Wednesday, 6 September 2017
12:00 noon to 1:00 pm
ESI Conference Room
Dr. Zhong Sheng


The authors, Zhong Sheng & Bart Verspagen argue that the analysis level of a technological trajectory is very suitable to analyze the decisions of latecomer countries with regard to the technological area that they should focus on. Technological trajectories are the main focal points along which technological innovation develops, and they are more detailed than the common sectors. We present a collection of methods that have been proposed in the literature to identify the main technological trajectories. These methods use patent citation networks, and are applied to three separate fields in energy efficiency technologies, based on the OECD ENV-TECH list and patent data from the European Patent Office. We identify the relevant technological trajectories, and analyze how the main countries active in these fields can be classified as either latecomer or incumbent countries. We then present two measures for assessing countries’ contribution and interest in these fields. We use an explorative regression model to establish that latecomer countries tend to contribute to a lesser extent than incumbents to the main technological trajectories in the fields under investigation.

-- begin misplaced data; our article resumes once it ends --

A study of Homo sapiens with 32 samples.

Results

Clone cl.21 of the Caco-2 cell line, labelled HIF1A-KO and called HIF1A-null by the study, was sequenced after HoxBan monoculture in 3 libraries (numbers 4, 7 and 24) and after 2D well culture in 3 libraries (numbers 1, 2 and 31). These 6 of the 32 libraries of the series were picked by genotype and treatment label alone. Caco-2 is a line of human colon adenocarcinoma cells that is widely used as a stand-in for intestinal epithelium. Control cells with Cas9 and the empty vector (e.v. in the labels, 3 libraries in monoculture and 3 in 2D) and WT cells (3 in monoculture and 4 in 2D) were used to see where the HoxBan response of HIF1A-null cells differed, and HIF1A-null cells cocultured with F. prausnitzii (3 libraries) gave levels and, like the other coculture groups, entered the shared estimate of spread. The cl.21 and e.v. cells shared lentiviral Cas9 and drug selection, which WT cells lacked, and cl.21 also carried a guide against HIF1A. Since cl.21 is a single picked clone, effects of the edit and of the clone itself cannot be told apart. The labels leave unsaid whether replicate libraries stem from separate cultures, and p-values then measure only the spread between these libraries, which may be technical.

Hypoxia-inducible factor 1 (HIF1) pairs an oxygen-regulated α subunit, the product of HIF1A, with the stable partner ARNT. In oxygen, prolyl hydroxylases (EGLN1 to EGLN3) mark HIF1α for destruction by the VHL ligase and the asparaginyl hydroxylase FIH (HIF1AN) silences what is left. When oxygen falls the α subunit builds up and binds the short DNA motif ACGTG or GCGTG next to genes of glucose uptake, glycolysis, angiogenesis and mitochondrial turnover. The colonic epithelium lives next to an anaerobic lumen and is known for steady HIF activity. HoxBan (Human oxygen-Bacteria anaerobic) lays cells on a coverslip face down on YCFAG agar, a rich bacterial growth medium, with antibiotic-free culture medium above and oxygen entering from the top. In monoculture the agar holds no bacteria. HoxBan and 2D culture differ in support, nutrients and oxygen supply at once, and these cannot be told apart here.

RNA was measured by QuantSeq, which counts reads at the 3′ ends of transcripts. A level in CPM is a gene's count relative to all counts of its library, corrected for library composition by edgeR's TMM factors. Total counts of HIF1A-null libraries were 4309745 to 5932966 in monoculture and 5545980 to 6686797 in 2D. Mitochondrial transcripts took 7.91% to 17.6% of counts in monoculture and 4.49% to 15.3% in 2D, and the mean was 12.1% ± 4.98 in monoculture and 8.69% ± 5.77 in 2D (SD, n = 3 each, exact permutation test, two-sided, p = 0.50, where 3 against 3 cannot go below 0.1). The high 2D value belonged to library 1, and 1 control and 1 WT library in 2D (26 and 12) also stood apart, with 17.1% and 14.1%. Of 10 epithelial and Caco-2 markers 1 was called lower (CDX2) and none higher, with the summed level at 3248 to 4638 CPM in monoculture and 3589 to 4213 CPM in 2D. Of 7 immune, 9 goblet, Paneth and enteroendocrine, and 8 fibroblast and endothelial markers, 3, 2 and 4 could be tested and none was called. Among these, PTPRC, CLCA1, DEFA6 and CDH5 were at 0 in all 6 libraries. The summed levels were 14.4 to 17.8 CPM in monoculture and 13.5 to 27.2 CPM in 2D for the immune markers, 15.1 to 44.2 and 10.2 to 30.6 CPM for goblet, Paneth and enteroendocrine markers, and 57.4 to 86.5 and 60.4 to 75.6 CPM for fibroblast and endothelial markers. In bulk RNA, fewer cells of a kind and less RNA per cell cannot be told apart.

Dr. Zhong Sheng joined the Energy Studies Institute in August 2017as a Research Fellow.  He was previously a PhD Fellow at the United Nations University – Maastricht Economic and Social Research Institute on Innovation and Technology (UNU-MERIT) in the Netherlands funded by the United Nations Industrial Development Organization (UNIDO). Sheng obtained a PhD in Economics from Maastricht University in the Netherlands. Prior to that, he completed an MA in Development Economics at the University of Warsaw in Poland, funded by the European Commission Erasmus Mundus Programme. Before that, Sheng earned a Bachelor’s Degree from Fudan University, China.

His research interests include sustainable development, innovation and technological change, with a focus on energy efficiency. His research field also covers areas such as applied econometrics and quantitative methods.

He has extensive academic and professional working experience. He tutored in the bachelor’s program at the Maastricht University School of Business and Economics and in the master’s program at Maastricht Graduate School of Governance. He served as a supervisor for several bachelor theses at the same University. He also previously worked at UNU and UNIDO on various projects, including the International Social Protection Studies Programme (funded by GIZ Germany), UNIDO Industrial Development Report 2016 and UNIDO Inclusive and Sustainable Industrial Development Working Paper Series.